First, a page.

Other needs theories include Herzberg's ‘Two Factor Theory of Motivation’. He argued that people are motivated by two kinds of need: hygiene factors (those basic needs such as shelter which, if not satisfied, lead to unhappiness but whose satisfaction does not in itself lead to happiness); and motivators (those higher order needs which when satisfied lead to contentment). The importance of this theory in a work setting is its insistence that managers have to ensure that both hygiene factors (i.e. pay, working conditions) and motivation (i.e. the need for personal fulfilment) are satisfied for a workforce to be content and highly motivated.

A further ‘needs’ theory is the ERG (Existence, Relatedness and Growth) theory of Clayton Alderfer (1940 -). Like Maslow he suggests that there is a hierarchy of needs but that the less a high level need is satisfied the more important a lower level need becomes. Hence demands for more pay in fact really reflect a desire for work to be made more satisfying.

The main alternative approach to ‘needs’ theories is the ‘expectancy’ approach associated with Victor Vroom (1932 -). This suggests that individuals are motivated to act in certain ways not by some basic inner need but by the strength of the expectation that the action will achieve a result seen by them as desirable. The desire for a particular outcome is known as the ‘valence’. This theory is essentially a ‘process’ theory: it emphasizes the process of motivation rather than the nature or content of particular motivators. The strength of people's motivation will be determined by weighing up how much they want something and how far they believe a certain action will contribute to achieving it.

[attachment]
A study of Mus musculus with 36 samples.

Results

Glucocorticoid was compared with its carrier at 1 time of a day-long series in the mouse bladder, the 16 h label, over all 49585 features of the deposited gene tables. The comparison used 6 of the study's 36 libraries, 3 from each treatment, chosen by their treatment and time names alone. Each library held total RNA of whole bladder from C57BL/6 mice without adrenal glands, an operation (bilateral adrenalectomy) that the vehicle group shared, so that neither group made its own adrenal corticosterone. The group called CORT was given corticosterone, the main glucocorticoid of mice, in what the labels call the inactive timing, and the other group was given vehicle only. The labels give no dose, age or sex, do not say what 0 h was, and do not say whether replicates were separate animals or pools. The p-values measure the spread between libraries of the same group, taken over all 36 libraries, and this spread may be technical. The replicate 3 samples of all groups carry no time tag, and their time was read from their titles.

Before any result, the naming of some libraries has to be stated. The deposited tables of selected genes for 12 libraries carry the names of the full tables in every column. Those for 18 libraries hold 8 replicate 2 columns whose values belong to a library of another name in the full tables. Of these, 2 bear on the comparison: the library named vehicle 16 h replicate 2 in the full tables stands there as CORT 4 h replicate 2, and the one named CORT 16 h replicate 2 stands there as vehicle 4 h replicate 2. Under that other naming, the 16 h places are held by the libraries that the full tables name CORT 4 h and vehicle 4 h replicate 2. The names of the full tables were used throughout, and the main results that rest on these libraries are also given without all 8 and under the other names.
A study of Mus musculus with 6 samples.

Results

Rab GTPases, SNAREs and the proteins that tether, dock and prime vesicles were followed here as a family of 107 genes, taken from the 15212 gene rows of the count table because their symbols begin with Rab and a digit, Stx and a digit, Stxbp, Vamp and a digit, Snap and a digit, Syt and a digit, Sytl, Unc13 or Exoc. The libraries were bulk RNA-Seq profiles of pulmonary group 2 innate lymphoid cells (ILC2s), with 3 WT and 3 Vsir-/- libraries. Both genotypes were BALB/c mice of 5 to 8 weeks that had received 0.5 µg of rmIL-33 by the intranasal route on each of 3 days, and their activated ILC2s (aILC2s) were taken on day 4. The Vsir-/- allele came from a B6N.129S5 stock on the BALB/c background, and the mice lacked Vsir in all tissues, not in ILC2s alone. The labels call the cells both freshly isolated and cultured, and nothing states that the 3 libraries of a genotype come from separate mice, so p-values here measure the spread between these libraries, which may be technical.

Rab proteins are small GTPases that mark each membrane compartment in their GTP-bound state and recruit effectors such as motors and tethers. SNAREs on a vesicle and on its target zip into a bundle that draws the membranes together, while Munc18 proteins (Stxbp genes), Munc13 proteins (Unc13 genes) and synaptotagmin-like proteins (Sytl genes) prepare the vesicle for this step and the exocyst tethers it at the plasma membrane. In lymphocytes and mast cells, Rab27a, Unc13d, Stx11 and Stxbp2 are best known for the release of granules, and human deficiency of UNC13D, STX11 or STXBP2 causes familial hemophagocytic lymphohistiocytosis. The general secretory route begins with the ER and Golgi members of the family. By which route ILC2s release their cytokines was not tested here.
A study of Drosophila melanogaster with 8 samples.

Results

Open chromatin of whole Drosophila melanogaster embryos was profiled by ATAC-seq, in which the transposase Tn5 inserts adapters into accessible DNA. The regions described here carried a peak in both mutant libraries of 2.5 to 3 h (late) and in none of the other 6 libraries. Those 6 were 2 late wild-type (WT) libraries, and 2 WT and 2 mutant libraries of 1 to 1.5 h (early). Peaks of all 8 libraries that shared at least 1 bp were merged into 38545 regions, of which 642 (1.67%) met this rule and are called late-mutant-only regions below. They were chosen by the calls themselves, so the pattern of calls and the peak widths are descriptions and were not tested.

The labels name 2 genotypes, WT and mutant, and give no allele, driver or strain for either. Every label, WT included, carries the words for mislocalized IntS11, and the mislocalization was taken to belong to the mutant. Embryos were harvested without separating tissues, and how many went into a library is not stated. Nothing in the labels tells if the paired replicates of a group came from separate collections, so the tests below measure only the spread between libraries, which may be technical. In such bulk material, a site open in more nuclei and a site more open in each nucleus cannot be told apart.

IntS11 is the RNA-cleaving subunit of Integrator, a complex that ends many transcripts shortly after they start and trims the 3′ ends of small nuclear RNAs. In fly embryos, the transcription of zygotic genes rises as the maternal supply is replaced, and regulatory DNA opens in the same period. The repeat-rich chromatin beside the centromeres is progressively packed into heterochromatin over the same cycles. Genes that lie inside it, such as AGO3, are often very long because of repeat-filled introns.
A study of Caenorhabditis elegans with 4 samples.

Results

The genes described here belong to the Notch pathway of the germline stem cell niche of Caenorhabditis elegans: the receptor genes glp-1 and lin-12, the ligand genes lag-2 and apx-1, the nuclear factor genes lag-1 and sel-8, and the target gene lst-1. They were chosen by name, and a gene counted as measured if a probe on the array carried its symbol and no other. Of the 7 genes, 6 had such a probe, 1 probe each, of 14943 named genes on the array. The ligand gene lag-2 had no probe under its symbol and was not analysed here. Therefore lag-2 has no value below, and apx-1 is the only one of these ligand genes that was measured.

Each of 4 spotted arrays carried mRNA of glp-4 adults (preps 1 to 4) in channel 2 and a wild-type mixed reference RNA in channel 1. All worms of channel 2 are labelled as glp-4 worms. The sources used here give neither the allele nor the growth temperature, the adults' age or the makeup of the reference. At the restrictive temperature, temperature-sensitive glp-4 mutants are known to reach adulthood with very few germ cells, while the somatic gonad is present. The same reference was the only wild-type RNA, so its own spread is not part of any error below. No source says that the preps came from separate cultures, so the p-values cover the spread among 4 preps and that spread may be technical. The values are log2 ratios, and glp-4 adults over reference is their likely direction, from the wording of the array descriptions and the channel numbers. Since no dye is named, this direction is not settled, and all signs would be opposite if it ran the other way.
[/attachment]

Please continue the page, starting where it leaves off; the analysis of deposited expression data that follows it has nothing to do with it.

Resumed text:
References in periodicals archive ?
Thus, using visitor intrinsic and extrinsic motivations, as well as the perception of service quality approach in the SERVPERF, we proposed the following two hypotheses:
Motivational synergy: Toward new conceptualizations of intrinsic and extrinsic motivation in the workplace.
2012) found that academic intrinsic motivation was a small positive correlate of GPA, though extrinsic motivation was not associated with GPA.
As extrinsic motivation is high, it reflects that the lecturers are committed in conducting their duties and motivated to become excellent employees.
Thus extrinsic motivation is related to the action that is done to get some rewards (Coetzee, 2011).
It is expected that with the maturation and guiding the individual by a professional field (sports performance, for example), extrinsic motivation to decrease in size, being replaced by motivations type intrinsic, which decreases efoturile psihonervoase directed to self-discipline and continuous and implucit increase individual performance.
So, some authors consider the existence of two types of motivation: the usually called intrinsic and extrinsic motivations.
This experiment did not measure intrinsic and extrinsic motivation, limiting the ability to establish the relationship between motivation and goal orientation.
AMS-university form consists of 28 questions and has seven-level likert scale, containing questions that measure intrinsic motivation, extrinsic motivation and amotivation.
Among the main results, the author shows that meeting the three basic psychological needs favors the presence of intrinsic motivation and self-regulated forms of extrinsic motivation.
Extrinsic motivation refers to activities that are carried out to satisfy an external requirement or to avoid punishment.